From: Ben Collins-Sussman <sussman_at_red-bean.com>
Date: Fri, 11 Jul 2008 09:17:58 -0500

On Fri, Jul 11, 2008 at 2:37 AM, Ryan Schmidt
<subversion-2008c_at_ryandesign.com> wrote:

>> * When no version control is used, then it's clear file timestamps are
>> critical. They're the only indication of a file's "version". But
>> once the files are placed into version control, what's the point of
>> tracking the original datestamps? Version control is now providing
>> much more detailed tracking of versions and dates. It's solving the
>> problem is a much more thorough way.
> When importing an existing project, I consider it important to know when
> those files were last modified. I may be importing the project today, but
> maybe I developed over a period of months last year. I'd like that metadata
> preserved.
> It's not Subversion's place to decide that the modification time of a file
> is not important. It is important to me, and to many other Subversion users
> as well.

I think you're right: even if Subversion doesn't make any use of the
file's original mod-time, it could at least be saved in a property so
the information isn't lost completely.

>> * Version control is typically used for code. Having timestamps
>> touched by 'svn update' solves the 90% use-case of causing programs
>> like 'make' to rebuild exactly what has changed. This is a useful and
>> important default behavior.
> Not all code uses make. I don't write compiled software; I write interpreted
> scripts in languages like php and bash. Others might be writing in ruby or
> python or perl. We do not need makefiles and we do not need to be bound to
> the deficiencies of make.

Uh, but does the default behavior (of being kind to compiled
languages) actually have any negative affect on interpreted languages?
 I can't see any, so this seems like a good default behavior to me.

> Also, not all repositories contain code. I have a second repository for
> musical compositions, for example.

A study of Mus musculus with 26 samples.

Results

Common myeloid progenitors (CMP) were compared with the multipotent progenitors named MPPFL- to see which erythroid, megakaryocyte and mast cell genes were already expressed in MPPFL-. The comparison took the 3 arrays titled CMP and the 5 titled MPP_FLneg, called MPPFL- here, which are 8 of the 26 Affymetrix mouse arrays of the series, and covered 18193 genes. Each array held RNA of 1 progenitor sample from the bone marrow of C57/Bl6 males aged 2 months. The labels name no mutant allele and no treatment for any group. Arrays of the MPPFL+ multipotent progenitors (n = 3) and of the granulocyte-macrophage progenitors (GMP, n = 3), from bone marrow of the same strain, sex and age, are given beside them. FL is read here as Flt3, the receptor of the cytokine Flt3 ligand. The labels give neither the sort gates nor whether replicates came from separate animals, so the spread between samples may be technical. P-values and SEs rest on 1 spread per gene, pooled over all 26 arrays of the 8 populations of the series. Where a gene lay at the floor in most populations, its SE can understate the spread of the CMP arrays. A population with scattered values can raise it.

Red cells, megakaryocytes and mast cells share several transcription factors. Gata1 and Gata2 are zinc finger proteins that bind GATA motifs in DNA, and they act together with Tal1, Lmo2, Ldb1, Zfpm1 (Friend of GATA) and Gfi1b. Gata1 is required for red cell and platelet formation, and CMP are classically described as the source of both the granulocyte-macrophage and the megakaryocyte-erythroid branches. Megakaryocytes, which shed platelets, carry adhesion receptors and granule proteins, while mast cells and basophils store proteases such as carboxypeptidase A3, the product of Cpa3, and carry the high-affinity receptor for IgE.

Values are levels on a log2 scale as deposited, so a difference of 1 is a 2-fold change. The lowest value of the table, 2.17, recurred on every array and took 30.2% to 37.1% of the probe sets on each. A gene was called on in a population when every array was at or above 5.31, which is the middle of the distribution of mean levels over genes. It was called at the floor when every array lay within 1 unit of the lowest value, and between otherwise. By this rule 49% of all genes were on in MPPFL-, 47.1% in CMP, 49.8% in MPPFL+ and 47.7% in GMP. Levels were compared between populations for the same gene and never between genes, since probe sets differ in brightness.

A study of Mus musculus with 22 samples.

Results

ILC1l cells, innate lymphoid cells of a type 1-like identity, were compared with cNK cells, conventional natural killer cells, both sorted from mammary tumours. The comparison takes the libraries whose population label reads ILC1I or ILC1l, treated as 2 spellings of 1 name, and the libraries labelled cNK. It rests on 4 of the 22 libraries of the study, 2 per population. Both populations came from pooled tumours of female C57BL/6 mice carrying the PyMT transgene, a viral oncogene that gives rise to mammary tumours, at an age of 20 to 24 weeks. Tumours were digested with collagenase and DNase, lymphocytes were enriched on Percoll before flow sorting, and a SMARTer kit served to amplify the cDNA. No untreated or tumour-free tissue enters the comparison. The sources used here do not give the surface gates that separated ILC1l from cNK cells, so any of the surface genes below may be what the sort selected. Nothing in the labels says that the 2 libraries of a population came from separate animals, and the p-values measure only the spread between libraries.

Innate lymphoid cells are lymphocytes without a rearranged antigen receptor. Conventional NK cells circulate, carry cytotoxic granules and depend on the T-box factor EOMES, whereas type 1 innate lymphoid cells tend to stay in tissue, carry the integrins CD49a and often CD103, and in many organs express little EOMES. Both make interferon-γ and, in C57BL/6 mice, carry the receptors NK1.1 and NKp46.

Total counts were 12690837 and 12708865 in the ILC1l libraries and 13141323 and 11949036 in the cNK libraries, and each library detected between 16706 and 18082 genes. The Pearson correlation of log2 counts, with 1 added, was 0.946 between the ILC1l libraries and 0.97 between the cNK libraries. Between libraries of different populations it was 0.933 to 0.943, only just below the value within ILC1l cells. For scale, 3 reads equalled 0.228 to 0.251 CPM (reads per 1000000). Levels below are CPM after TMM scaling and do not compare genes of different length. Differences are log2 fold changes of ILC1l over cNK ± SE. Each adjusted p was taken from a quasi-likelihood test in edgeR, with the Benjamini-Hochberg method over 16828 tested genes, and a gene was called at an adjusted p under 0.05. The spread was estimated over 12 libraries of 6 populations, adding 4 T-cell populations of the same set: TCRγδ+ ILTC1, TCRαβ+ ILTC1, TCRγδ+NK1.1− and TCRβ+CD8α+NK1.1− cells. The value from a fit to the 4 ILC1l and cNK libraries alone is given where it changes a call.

Me too. :-)

>> * For all other cases, the 'use-commit-times=true' option causes
>> timestamps to reflect repository mod-times, rather than 'svn up'
>> mod-times, thus providing the same sort of simulated
>> versioning-via-timestamp for files being exported to people without
>> subversion.
> "use-commit-times=true" is sufficient for my purposes, after the initial
> import of an old project. But for old projects, as mentioned above, import
> time is often not even close to modification time.
> Also the case has been made that for applications like web site development,
> it's important for caching reasons to have the same modification time on a
> file (whether that be the original modification time or the commit time is
> not important). If you check out a working copy today and serve it via a web
> server, it sends out the (static) files' modification times. If you then
> check out a new working copy tomorrow, or use svn switch or something, the
> modification time on the files changes, even though the file is the same.
> The web server will think the file has changed and will send out the new
> modification time which will cause browsers to unnecessarily redownload the
> files, wasting time and bandwidth. So for web site applications, at least at
> the server side, the default of "use-commit-times=false" could be considered
> harmful.

Yep, and I would recommend that people using svn to manage websites
turn on use-commit-times=true. That's one of the main use-cases for
that feature.

That said, I'm willing to wager that across the board, svn is used
much more often to manage code than websites, hence the default of

>> * If you want to be even friendlier to people without subversion, you
>> can put $LastChangedDate$ or $Revision$ keywords directly into the
>> files to be expanded.
> To be completely pedantic :) it seems like $LastChangedDate$ does not show
> the date the file was last changed by the author. It shows the date the file
> was last committed. I guess you could say it's the date the file was last
> changed in the repository.

Yes, that's exactly what it expands to. The philosophy is that once
objects become version controlled, the only "true" timestamps which
matter are the ones the repository, since the repository is tracking
all changes. Working copies are but shadows on the wall, which can
optionally be made to reflect repository timestamps.